AM NEW YORK GLORY DAYS REVIEW
No glory in 'Glory Days'
By Matt Windman
We guarantee that anyone who sees the new Broadway musical "Glory Days," which was written by two lucky 23 year olds, will be stunned. But not in a good way. After enduring all 90 painful minutes of this undercooked, horribly amateurish show, you'll be wondering how the hell it got to Broadway.
Taking place one night on a deserted high school football field, "Glory Days" looks at four male best friends who reunite a year after their high school graduation. Besides a few details about a proposed prank, all that really happens in "Glory Days" is that one of the guys admits to being gay and another acts homophobic. And then the show ends. No real conflict. No resolution. The show just stops.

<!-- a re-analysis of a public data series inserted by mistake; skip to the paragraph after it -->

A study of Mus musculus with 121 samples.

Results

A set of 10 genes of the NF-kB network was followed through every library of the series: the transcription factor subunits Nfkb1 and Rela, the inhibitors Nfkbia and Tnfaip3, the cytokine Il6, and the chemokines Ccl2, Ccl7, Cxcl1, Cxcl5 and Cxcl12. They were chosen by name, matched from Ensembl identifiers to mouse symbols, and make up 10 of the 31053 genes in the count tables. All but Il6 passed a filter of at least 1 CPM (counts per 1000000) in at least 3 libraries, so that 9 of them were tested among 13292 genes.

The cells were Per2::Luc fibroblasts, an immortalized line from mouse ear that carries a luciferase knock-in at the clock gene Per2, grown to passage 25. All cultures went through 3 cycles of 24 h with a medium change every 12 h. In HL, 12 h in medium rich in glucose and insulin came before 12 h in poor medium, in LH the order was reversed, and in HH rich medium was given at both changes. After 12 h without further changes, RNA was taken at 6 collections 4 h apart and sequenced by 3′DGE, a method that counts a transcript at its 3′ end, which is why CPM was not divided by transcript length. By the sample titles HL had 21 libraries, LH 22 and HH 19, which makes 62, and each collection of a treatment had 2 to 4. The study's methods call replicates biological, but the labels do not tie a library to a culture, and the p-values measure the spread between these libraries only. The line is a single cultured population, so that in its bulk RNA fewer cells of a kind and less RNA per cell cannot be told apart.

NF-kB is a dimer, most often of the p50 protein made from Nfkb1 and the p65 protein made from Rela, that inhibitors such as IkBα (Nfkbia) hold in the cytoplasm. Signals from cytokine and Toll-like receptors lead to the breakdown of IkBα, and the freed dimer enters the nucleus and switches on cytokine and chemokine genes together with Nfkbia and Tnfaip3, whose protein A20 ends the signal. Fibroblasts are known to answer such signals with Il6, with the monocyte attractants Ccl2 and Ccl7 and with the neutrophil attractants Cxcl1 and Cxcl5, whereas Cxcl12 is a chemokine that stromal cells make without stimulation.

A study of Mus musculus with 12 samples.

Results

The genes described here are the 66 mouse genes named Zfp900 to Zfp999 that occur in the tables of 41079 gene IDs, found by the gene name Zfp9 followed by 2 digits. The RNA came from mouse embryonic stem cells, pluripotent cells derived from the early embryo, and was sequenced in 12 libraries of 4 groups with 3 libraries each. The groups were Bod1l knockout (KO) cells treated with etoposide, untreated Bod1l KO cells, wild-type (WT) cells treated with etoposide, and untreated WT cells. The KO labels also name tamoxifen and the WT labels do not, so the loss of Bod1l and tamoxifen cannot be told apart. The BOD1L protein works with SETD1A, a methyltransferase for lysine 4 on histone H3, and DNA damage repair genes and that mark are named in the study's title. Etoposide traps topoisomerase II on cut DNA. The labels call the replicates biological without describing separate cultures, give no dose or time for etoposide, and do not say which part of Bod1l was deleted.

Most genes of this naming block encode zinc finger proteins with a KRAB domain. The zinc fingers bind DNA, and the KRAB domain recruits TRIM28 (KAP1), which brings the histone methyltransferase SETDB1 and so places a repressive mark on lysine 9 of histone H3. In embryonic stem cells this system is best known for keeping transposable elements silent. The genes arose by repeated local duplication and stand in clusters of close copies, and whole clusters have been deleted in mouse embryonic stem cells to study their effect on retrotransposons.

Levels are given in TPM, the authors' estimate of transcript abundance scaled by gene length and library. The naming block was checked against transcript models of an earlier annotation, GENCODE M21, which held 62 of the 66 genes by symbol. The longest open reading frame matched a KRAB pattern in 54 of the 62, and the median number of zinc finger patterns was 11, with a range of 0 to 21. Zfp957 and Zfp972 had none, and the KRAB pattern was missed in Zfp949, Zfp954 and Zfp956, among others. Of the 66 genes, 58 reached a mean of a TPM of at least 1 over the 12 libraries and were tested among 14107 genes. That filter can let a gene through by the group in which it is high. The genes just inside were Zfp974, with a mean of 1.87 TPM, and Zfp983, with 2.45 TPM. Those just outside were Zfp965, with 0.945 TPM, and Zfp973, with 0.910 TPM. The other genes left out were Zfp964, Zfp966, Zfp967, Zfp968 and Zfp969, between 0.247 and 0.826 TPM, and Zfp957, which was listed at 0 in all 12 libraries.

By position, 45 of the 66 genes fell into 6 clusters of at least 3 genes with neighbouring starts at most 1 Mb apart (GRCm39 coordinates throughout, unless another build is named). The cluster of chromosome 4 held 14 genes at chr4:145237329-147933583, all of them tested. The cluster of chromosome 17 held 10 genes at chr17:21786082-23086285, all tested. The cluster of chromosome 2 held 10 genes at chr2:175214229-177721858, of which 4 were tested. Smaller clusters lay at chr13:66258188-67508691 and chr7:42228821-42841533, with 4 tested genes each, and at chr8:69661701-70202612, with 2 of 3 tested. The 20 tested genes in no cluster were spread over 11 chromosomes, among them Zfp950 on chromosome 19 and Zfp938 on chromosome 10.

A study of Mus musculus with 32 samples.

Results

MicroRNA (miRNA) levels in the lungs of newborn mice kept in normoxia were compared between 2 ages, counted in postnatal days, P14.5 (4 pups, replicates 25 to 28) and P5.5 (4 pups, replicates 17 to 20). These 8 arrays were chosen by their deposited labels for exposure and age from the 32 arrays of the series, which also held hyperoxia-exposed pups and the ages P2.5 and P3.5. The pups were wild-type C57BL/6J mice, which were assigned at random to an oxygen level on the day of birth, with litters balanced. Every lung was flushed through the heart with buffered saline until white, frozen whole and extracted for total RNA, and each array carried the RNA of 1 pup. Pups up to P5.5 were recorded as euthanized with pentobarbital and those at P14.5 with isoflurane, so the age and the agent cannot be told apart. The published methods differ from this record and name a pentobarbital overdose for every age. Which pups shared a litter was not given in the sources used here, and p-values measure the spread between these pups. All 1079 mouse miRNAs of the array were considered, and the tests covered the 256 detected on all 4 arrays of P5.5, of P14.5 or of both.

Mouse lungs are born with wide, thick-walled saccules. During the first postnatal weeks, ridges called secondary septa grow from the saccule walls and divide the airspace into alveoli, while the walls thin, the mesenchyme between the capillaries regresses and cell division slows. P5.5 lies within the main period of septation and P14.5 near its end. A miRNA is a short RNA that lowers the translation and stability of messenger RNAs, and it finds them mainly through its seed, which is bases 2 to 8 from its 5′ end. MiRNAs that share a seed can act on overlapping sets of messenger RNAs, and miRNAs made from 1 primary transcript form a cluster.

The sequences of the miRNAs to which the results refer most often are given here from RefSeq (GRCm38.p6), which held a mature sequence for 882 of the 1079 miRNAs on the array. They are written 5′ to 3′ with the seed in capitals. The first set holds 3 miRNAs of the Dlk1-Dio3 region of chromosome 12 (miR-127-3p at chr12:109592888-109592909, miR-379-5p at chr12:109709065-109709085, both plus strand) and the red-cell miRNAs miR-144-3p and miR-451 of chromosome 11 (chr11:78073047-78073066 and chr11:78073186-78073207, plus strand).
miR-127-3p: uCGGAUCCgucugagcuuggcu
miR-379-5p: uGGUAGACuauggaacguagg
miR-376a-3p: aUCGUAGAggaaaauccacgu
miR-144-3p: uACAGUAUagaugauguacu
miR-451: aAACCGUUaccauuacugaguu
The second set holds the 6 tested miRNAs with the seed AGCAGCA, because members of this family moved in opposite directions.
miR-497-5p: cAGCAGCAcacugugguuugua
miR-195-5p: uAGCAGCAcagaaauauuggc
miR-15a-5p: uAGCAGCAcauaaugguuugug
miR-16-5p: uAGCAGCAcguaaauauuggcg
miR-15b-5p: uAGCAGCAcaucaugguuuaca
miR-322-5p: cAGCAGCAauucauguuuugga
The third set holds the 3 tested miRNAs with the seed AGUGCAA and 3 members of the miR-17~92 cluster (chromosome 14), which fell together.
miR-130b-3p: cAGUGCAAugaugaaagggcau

Don't get us started on how cheap the show looks. It's just four guys, bleachers and stadium lights. Seriously, who would pay $100 for that?
Except for one short solo about a college road trip, everything in its light rock score is generic, forgettable or just plain bad. At one point, "Jewish" is rhymed with "blue-ish."
Our "no stars" rating could also describe the cast. The young male quartet (Steven Booth, Andrew Call, Adam Halpin, Jesse Johnson) tries its best, but none possesses any charm, personality or vocal chops. Jonathan Groff of "Spring Awakening" has more talent in one pinky finger than all of them put together.
What's most sad about "Glory Days" is that its producers could have spent their money bringing a really wonderful musical like "Next to Normal" to Broadway. Instead, we've received a pathetic attempt to cash in on the "High School Musical" fad, the "Spring Awakening" audience, and the familiarity of Bruce Springsteen's song "Glory Days."
We are not saying that having young, unknown songwriters on Broadway is a bad thing. It's actually great. But with all due respect to Nick Blaemire and James Gardiner, "Glory Days" does not belong on Broadway. Better luck next time, guys.